WASHINGTON -- As Tim Hudson and a few other Braves representatives enjoyed the rare opportunity to spend Friday afternoon in the Oval Office with George W. Bush, he was impressed with how much the president knew about the current world of baseball.

As he shared approximately 30 minutes with Hudson, John Smoltz, Jeff Francoeur, Brian McCann and Braves general manager John Schuerholz, Bush asked McCann about some of the nagging injuries he's battled this year and told Smoltz that he'd watched much of his Wednesday night performance against the Mets.

"It was really special, to be honest with you," Hudson said. "Not many people get to see that side of the president with one-on-one conversations. He kind of became one of the guys for a little while."

Back when he served as the Texas Rangers' owner and a much-younger Julio Franco was one of his favorite employees, Bush was kind of like one of the guys with Schuerholz. They shared a short period together on one Major League Baseball committee. Since assuming his role as president, Bush has found ways to keep himself updated on baseball's daily events. He made it known that he realized Francoeur has one of the game's best outfield arms and indicated that baseball is on the television whenever he's writing a speech.

Thus, when this meeting came to a close and Bush indicated he wanted to get some pictures, Schuerholz understandably, but at the same time mistakenly, thought the president was issuing an order to fix the current state of the Braves.

"[Bush] said we need some pitchers -- that's what I heard," Schuerholz said. "I said without missing a beat, 'Well, we've been trying for two months, Mr. President, but we can't get any.' He said, 'No, John, pictures.'"

Adding to the comical moment, Hudson pointed toward Smoltz and said, "What are we, chopped liver?" While Schuerholz was unable to land a veteran starting pitcher over the past couple of months, he and his players now will have individualized pictures that will commemorate the afternoon they shared with the president.

Once each of the Braves representatives had their picture taken with Bush, they witnessed him board Marine One to head to Camp David for the weekend. As the helicopter roared above them, the president pointed toward Schuerholz and his players.

"The whole day was just absolutely impressive," Schuerholz said. "He was very, very congenial and very accessible. He made it very comfortable for us."

When the Braves arrived at the White House, Bush was walking from one building to prepare to meet with the children and wife of a soldier who was recently killed in the Middle East.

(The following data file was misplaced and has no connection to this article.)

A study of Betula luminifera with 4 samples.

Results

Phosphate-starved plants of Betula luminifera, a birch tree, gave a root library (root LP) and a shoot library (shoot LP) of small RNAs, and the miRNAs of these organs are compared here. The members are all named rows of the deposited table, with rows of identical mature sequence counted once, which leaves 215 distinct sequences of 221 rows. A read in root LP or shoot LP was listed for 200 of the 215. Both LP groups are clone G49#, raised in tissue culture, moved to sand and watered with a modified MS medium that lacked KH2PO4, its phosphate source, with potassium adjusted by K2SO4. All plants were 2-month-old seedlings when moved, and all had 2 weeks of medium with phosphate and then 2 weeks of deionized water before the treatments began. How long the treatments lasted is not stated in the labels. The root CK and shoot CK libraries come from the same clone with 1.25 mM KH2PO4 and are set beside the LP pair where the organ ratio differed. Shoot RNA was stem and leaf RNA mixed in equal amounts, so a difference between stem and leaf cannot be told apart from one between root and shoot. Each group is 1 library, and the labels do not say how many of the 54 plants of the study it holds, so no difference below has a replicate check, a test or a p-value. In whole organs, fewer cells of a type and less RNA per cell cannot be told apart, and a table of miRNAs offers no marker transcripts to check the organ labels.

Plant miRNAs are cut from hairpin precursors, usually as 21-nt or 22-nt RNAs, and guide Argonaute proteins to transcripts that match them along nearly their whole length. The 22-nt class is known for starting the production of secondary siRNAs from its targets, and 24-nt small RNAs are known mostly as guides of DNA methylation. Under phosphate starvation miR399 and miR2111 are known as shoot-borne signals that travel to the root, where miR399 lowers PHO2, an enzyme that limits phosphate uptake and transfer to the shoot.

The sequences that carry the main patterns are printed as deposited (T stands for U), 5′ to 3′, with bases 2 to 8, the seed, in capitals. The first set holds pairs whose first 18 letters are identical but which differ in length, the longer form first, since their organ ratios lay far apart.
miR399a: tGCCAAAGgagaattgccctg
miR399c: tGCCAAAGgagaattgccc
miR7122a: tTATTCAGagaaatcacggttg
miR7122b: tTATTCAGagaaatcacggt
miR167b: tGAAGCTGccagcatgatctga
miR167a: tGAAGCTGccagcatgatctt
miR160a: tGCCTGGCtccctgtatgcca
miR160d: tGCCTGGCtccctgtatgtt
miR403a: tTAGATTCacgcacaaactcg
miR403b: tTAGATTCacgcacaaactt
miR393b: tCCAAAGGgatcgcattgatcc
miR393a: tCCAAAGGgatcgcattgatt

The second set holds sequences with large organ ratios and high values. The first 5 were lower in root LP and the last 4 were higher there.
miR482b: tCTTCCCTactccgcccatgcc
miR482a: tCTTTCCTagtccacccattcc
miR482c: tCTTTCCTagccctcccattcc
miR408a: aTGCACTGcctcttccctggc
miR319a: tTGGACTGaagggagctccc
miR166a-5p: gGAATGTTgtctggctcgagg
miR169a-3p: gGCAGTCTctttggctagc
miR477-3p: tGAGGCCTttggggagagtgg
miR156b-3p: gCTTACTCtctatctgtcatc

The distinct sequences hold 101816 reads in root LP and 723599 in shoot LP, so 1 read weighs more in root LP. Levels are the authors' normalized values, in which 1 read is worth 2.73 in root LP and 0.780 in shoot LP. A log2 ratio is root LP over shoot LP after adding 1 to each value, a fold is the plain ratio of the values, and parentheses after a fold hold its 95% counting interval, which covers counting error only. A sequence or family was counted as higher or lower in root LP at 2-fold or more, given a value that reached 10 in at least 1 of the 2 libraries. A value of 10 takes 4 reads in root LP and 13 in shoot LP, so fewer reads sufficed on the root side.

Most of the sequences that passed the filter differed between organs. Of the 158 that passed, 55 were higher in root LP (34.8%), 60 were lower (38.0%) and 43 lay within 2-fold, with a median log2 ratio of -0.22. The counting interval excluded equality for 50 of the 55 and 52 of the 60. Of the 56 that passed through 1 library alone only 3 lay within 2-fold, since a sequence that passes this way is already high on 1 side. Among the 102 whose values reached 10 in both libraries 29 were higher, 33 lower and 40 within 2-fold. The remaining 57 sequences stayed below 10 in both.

As soon as he saw Schuerholz, he made his way toward the group, shook hands and let them know he was looking forward to their meeting.

"It was neat just to see what a regular guy he is," Francoeur said. "But it was also neat to see just how busy he is every day."

As Bush was meeting with this family, the Braves were given a tour of the White House. Schuerholz had been given similar tours, and had even been in the Oval Office before. But he'd never seen the president's desk with the president present.

"It's much more meaningful when he walks in the door," Schuerholz said. "He's the most powerful man in the free world, who happens to love the thing that we do -- those of us that were there. It was a very enjoyable event."

It was an event that was scheduled with the assistance of Sens. Johnny Isakson (R-Ga.) and Saxby Chambliss (R-Ga.). Bush had also requested the presence of Braves manager Bobby Cox, Chipper Jones and Mark Teixeira.

But because this meeting wasn't officially scheduled until Thursday, the Braves had trouble reaching Jones, who recently changed his cell phone number, and Teixeira. As for Cox, an avid Bush supporter who has had the opportunity to meet him on other occasions, he regularly gets to the stadium before noon, and thus felt he couldn't attend.

Because he'd sent his suit to the dry cleaner on Thursday, Francoeur was forced to buy a new sports coat for this meeting. But given that he was able to experience a chance to hear Bush express his views on the war and then talk baseball made it a no-brainer purchase.

"It was probably one of the coolest days I've ever had in my life," McCann said. "It was a once-in-a-lifetime opportunity."